This post at I’ve Paid for This Twice Already on “The ‘Can We Afford The Payments’ Mentality” got me thinking. Back in 2003, when Marc and I bought our first car together, we divided the responsibilities as follows: Marc did the technical research, deciding what kind of car we should get and what a reasonable price was; I handled the financing research.
I knew enough about car buying and money management to know that the most important thing was the total price of the car, not the monthly payment. So I repeatedly fended off the salesman’s efforts to get me to quote an acceptable monthly payment. Even though I knew I wanted a payment of approximately $350, I never uttered that figure to him. He was so frustrated when I told him for the third or fourth time that I simply wanted to know what the total cost of the car would be that I knew most people must not hesitate to say what monthly payment they can afford.
In 2003, when we bought the car, I thought we were doing pretty well when it came to money. We got a great price on the car, our good credit got us the extremely low interest rate of 1.9% on the loan, and our monthly payment was less than $365. The thing is, it never occurred to me to buy a car without a monthly payment.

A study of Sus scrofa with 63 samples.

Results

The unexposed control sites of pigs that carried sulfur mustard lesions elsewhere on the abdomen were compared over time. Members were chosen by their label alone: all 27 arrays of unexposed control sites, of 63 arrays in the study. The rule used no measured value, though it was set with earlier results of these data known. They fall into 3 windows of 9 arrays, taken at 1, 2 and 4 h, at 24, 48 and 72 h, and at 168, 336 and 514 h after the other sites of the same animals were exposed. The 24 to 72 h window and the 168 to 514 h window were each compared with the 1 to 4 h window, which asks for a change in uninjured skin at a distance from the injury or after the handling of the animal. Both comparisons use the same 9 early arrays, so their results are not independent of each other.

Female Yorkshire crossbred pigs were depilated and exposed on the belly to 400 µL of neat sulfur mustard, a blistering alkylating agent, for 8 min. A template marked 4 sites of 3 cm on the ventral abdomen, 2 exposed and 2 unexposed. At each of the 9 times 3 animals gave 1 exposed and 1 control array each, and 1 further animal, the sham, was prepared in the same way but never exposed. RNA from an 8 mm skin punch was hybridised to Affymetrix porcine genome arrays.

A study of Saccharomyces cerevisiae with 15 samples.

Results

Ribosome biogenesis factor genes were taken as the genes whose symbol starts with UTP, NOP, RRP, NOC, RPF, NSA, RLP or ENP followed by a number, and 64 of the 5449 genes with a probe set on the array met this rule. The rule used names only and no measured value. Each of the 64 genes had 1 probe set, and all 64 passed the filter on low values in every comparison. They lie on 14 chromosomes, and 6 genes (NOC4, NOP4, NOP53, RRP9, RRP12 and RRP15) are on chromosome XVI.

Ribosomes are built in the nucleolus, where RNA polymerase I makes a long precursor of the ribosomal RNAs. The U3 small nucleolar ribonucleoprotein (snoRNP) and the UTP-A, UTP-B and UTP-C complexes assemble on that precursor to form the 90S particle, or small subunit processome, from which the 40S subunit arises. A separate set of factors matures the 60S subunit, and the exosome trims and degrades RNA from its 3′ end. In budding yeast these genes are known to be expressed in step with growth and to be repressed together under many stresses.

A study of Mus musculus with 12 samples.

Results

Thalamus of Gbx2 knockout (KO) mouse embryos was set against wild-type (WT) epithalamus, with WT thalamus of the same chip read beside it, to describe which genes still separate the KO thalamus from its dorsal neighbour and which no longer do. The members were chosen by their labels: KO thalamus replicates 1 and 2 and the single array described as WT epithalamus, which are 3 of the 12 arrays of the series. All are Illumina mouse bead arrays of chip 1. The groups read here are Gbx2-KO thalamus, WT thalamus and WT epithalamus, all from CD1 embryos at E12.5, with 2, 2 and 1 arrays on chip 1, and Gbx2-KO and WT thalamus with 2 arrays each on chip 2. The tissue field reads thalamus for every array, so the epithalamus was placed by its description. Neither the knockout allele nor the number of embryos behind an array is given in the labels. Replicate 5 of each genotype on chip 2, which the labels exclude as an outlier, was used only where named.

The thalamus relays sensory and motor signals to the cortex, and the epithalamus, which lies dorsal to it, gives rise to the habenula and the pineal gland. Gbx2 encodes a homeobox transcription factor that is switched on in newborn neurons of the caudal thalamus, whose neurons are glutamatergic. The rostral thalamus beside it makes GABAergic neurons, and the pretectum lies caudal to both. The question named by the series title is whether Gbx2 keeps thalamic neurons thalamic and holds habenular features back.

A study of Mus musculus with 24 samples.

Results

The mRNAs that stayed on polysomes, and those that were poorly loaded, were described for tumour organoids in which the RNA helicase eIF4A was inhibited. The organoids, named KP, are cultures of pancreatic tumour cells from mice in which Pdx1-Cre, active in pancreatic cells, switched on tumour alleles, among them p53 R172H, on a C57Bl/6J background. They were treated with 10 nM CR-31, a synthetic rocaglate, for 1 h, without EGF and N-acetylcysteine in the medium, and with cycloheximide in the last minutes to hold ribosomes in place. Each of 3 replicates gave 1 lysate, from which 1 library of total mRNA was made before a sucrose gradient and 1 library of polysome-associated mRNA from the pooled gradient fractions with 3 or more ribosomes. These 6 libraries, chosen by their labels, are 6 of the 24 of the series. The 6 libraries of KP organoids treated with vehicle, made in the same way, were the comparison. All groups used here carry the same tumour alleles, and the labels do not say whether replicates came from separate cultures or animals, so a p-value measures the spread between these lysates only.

Admittedly, back in 2003, we probably couldn’t have afforded to pay cash for a new car unless we saved for a couple of years (and we really needed a new car then). We didn’t want to buy a used car for reasons I’ve discussed previously. But it never occurred to me that we could buy a new car without payments until a few months ago, when I resolved to pay cash for our next car.
I guess over the last five years, I’ve abandoned the payments mentality completely. I suppose the only time I might go into debt is to buy investment real estate, although I don’t really see that in our future since neither Marc nor I want to take care of tenants. But otherwise, I don’t think we’ll be borrowing money again – ever.